After a record-breaking box office year in 2015, studios in 2016 continued to drop major box-office tentpoles in hopes of recreating that magic.
But the road to another record year was not without its setbacks, and in many instances the tentpoles flopped where low- and middle-budget films became unexpected breakouts.
Each 2016 season, starting in the early winter months, waffled between underperformance and outperformance. The summer was particularly trying. Halfway through the warm months, the domestic box office gross was down 10.9% year over year. But the second half of summer offered plenty of redemption, with grosses up 3.0% by the end of the season.
Big winners and big losers drove the ambivalent results. Walt Disney Co.'s little fish Dory proved to be a whale of a film, collecting $1.54 billion in total worldwide revenue after a $135.1 million June 17 debut weekend. "Captain America: Civil War," another Disney release via Marvel Studios, also boasted one of the highest grossing titles of the season with $1.22 billion in total revenue on a $179.1 million release in early May.
But the summer also saw some of the biggest flops. MGM and Paramount Pictures ended up with some ancient egg on their faces after "Ben-Hur" became one of the biggest disappointments of the year, collecting just $113.9 million worldwide on a $101.0 million production budget. After other costs, the title dove 99.5% in the red by the time it left theaters.
Despite the success of "Captain America" and "Finding Dory," studios could not count on big-budget sequels to save their bottom lines. The term "sequelitis" became a major buzzword in Hollywood as moviegoers shunned many titles from franchises past.
For example, "X-Men: Apocalypse" and "Teenage Mutant Ninja Turtles: Out of the Shadows" delivered compressed returns for their studios compared to their predecessors. The latter of the two did not even manage to turn a profit for Paramount Pictures, leaving theaters in the red by 26.9%. That trend extended to movies like "Neighbors 2," "Snow White and The Huntsman" and "Alice Through the Looking Glass."
Even titles that were not explicitly sequels but just leaned on old intellectual property to launch contemporary reboots were not exempt from a general ambivalence toward recycled material. "Independence Day: Resurgence" and "Ghostbusters" each disappointed, underselling big production budgets with mediocre revenue results.
Other reboots and sequels, however, ended up being major financial successes, even as they were derided by critics and fans. For example, "Batman v Superman: Dawn of Justice" became the title viewers loved to hate, settling at a miserably "rotten" 27% rating on Rotten Tomatoes. As one reviewer groaned, "It seems amazing that something as idiotic as 'Batman v Superman: Dawn of Justice' could now even get beyond the pitching stage."
But Warner Bros. seemed to know what it was doing when it gave "Batman v Superman" the go-ahead. The movie raked in almost $1 billion in total revenue to exit theaters on a 30.3% profit margin. "Suicide Squad" was another panned title, but it left theaters 43.3% in the black. Both of those titles also boasted two of the biggest opening weekends of the year.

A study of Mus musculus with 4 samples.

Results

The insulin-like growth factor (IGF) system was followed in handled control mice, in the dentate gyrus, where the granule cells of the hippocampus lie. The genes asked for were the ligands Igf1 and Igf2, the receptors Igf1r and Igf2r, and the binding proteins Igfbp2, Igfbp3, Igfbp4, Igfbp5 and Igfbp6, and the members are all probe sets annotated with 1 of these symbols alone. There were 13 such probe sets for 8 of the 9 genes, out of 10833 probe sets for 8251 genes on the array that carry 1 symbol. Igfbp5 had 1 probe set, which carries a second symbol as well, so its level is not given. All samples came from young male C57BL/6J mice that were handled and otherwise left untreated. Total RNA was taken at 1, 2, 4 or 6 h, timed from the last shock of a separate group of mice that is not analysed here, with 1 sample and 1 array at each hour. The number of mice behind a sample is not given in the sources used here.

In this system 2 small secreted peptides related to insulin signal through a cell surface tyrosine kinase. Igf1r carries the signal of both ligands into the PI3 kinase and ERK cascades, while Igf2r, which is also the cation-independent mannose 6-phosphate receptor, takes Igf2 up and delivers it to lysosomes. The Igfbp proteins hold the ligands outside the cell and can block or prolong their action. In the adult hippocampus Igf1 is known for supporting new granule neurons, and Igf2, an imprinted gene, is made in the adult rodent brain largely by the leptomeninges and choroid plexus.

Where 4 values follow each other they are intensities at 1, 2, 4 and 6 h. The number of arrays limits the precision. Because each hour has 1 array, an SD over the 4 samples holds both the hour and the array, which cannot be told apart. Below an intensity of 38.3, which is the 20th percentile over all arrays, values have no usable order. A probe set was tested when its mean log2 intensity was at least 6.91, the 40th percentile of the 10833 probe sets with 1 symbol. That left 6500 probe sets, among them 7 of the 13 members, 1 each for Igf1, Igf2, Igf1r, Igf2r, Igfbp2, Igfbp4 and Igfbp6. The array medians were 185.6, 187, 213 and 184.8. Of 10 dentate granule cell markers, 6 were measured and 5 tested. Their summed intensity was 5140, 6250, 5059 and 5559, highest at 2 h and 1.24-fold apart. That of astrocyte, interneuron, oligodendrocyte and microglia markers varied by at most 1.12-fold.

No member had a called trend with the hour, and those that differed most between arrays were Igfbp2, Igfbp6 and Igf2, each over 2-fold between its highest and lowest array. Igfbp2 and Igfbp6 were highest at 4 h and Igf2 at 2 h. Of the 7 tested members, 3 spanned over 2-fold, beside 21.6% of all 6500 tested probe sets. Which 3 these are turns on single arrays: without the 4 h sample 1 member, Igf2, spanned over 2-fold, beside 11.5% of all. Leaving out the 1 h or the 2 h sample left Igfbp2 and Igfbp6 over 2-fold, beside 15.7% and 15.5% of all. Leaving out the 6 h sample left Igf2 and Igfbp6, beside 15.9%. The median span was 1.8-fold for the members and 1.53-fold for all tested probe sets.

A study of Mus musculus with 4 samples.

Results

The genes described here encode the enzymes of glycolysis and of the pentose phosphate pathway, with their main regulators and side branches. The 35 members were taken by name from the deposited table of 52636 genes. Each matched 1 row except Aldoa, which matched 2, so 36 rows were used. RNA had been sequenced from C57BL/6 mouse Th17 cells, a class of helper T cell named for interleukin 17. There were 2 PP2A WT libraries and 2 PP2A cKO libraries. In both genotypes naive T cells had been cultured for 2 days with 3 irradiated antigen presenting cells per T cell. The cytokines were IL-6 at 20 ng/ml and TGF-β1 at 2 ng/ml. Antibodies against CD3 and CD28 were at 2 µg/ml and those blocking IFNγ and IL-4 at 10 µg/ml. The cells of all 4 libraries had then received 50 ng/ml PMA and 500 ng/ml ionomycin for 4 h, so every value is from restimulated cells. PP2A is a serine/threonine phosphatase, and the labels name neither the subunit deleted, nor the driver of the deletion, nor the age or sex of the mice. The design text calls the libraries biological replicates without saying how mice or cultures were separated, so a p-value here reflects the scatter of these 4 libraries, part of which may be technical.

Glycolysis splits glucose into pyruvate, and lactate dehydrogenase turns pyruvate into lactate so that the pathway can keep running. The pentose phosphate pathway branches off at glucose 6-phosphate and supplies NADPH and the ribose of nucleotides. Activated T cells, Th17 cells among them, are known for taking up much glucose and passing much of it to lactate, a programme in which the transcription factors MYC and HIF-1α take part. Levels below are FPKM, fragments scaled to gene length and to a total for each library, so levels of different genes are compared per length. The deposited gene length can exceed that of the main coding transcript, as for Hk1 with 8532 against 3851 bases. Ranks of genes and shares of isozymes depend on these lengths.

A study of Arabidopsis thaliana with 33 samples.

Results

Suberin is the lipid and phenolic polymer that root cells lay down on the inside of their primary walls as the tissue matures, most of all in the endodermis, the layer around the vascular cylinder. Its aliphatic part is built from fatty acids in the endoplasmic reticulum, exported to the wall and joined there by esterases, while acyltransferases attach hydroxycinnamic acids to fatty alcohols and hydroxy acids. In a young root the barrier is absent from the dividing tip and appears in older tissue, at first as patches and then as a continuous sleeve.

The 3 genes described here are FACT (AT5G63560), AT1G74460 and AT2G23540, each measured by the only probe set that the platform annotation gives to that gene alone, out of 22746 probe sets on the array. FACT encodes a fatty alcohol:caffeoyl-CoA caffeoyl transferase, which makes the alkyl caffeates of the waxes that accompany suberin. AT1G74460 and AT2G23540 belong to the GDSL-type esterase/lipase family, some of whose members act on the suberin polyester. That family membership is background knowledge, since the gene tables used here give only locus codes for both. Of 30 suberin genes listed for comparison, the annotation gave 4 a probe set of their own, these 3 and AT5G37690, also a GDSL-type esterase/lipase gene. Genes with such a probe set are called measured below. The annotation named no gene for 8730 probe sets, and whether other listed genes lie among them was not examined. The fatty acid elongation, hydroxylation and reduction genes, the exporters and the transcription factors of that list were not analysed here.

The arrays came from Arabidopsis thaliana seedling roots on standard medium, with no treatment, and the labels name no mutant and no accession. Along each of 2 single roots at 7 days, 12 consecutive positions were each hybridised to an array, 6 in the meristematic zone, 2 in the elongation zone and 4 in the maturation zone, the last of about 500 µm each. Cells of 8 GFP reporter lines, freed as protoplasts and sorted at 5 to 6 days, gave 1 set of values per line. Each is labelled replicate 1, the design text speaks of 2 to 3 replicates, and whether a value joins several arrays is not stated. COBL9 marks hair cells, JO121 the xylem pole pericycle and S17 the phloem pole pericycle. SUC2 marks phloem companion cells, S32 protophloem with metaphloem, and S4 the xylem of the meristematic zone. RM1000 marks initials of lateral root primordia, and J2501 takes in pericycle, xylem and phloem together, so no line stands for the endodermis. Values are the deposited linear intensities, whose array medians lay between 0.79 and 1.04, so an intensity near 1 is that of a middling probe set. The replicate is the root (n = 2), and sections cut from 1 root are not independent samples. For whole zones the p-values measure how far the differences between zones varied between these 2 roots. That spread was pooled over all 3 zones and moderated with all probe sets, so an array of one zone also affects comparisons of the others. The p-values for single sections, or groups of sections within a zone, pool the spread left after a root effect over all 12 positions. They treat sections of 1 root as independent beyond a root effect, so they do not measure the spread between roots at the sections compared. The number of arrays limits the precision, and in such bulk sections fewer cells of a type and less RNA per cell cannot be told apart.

Another interesting phenomenon in the superhero category was "Deadpool," which 21st Century Fox Inc. produced for just $58.7 million, one of the cheapest blockbuster superhero films to date. With an R rating and a tongue-in-cheek approach to the genre, the movie was a risky bet that paid off in a big way. Critics adored "Deadpool," which landed on an 84% "Certified Fresh" rating, and left theaters with a 64.0% profit margin after crushing industry records for an R-rated title.
The year also saw a low-budget trend emerge, particularly for thrillers, horrors and irreverent comedies. Sleeper hits bucked the sequelitus trend with "The Conjuring 2" and "Purge: Election Year." "Don't Breathe" also joined the list of scary titles that delivered tidy sums for their studios. STX Entertainment also enjoyed an expectation-beating win with R-rated comedy "Bad Moms," and Columbia Pictures did the same with "Sausage Party."
As the dust was settling from a loopy year at the turnstiles, it appeared the industry is poised for another record result after it beat $11 billion in 2015. If it does count another record, it will be pushed across the finish line by "Rogue One: A Star Wars Story," which clocked the third-largest debut weekend of the year after its Dec. 16 wide release.
In fact, the film's parent studio, Disney, was almost single-handedly responsible for 2016's success, delivering the plurality of box office revenue and its own personal record. The company became the first studio in history to break $7 billion in worldwide ticket sales, and it had its name on many of the year's most successful films.
After 2015 and 2016, 2017 has a lot to live up to. But many observers believe it could be on track for another record-breaking season. Buzz is already mounting for big titles like "Blade Runner 2049," "Wonder Woman," "Justice League," "Guardians of the Galaxy 2" and, of course, the next installment in the Star Wars franchise. After Comcast Corp.'s Universal Pictures delivered a studio record in 2015 and Disney beat that record in 2016, it will be interesting to see which studio rises to the top next year.